BugNet has amended a warning on security holes in Microsoft Web servers, and attention turns to whether a user or users posing as Microsoft support personnel posted bad advice.

A newsletter devoted to bug reports has amended a warning from last week that announced "potentially catastrophic" security holes in Microsoft's Web servers.

Last week, BugNet reported that two Microsoft Web servers--the FrontPage Personal Web Server and Internet Information Server--contain holes that could make them insecure, including a breach that would make it possible for hackers to reformat server hard drives. BugNet said that Microsoft support personnel had given users erroneous advice on configuring the servers and that improperly configured servers would be vulnerable to hacker attacks.

Now, BugNet has corrected itself, saying that the Microsoft advice, which appeared in the company's public Usenet newsgroups, appears to be the work of impostors, not Microsoft personnel. BugNet traced the advice to messages posted by users with two apparently bogus email addresses: "kenny@microsoft.com" and "daniel@microsoft.com."

The messages advised Webmasters to do something they're unequivocally not supposed to do: put a Perl interpreter and scripts--software that is often used to connect Web servers to databases--in a Web server's "cgi-bin" directory. If discovered by a hacker, this configuration gaffe could allow the hacker to execute potentially damaging commands on the server by running a program available on the Net called Latro.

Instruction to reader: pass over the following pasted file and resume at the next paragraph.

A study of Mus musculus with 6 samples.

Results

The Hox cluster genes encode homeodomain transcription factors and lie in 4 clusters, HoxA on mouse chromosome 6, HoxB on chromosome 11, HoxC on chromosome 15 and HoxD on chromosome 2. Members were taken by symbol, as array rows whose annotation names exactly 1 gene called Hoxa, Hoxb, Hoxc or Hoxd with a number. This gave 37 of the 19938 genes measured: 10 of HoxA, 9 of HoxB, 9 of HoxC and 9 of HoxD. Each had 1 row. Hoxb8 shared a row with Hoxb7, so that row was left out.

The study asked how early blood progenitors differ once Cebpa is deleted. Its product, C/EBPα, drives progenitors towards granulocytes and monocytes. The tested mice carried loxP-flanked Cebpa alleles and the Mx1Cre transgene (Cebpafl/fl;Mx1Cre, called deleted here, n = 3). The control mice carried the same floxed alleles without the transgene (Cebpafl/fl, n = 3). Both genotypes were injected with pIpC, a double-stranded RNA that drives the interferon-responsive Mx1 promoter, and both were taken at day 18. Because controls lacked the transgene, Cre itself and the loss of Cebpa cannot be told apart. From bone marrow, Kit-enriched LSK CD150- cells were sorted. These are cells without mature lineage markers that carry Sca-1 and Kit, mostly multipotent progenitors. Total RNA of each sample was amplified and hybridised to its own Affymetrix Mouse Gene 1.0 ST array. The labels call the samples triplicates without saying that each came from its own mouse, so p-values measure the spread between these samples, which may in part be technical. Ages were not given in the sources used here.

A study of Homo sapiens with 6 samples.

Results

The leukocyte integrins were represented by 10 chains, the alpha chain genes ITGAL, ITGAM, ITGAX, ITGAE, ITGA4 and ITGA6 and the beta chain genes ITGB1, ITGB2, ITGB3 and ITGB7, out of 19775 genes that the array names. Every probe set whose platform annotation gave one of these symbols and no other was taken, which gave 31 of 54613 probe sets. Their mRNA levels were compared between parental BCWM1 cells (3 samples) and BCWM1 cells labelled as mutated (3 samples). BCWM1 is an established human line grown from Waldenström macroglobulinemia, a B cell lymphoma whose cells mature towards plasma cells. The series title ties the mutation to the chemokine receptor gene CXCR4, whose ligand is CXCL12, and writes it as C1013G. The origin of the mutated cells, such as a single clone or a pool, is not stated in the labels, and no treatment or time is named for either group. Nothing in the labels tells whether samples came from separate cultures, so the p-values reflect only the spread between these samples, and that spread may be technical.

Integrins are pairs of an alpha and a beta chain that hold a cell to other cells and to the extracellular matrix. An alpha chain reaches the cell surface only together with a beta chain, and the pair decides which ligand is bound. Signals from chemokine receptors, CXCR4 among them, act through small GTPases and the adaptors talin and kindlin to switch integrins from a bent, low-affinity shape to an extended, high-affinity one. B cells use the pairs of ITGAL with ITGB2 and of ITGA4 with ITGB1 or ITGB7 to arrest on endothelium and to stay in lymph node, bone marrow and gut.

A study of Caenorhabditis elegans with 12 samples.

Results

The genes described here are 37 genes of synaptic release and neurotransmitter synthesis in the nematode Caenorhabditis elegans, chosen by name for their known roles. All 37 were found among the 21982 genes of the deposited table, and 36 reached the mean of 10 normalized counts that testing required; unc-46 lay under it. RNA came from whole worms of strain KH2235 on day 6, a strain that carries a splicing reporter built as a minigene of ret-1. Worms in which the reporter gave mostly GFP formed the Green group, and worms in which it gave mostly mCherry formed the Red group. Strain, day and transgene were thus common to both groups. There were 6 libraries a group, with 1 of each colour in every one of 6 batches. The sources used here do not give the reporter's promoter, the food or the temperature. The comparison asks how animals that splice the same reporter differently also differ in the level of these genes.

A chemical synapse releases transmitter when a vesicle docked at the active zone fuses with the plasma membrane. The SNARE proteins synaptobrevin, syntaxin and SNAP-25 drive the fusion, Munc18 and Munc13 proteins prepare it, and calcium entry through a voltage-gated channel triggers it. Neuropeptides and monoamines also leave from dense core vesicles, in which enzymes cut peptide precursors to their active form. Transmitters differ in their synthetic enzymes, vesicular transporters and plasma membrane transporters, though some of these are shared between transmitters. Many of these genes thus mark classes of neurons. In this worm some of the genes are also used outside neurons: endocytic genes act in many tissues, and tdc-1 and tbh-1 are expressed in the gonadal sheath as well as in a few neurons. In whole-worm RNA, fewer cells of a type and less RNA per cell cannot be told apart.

Last week, Microsoft officials said they didn't know the source of the bad advice and reiterated the risks of improperly configuring their Web servers. Prior to the BugNet report, the Computer Emergency Response Team issued a more general alert May 29 that did not mention any specific companies but warned against setting up Web servers with Perl programs in the wrong directories.

Today, Microsoft officials said they can't ascertain whether the perpetrators of the bad advice are impostors, leaving open the possibility that a misguided Microsoft employee could have posted the messages. "We don't know if it was someone internal," said Bob Crissman, director of FrontPage product marketing at Microsoft. "If it is someone internal, we have to straighten the situation out."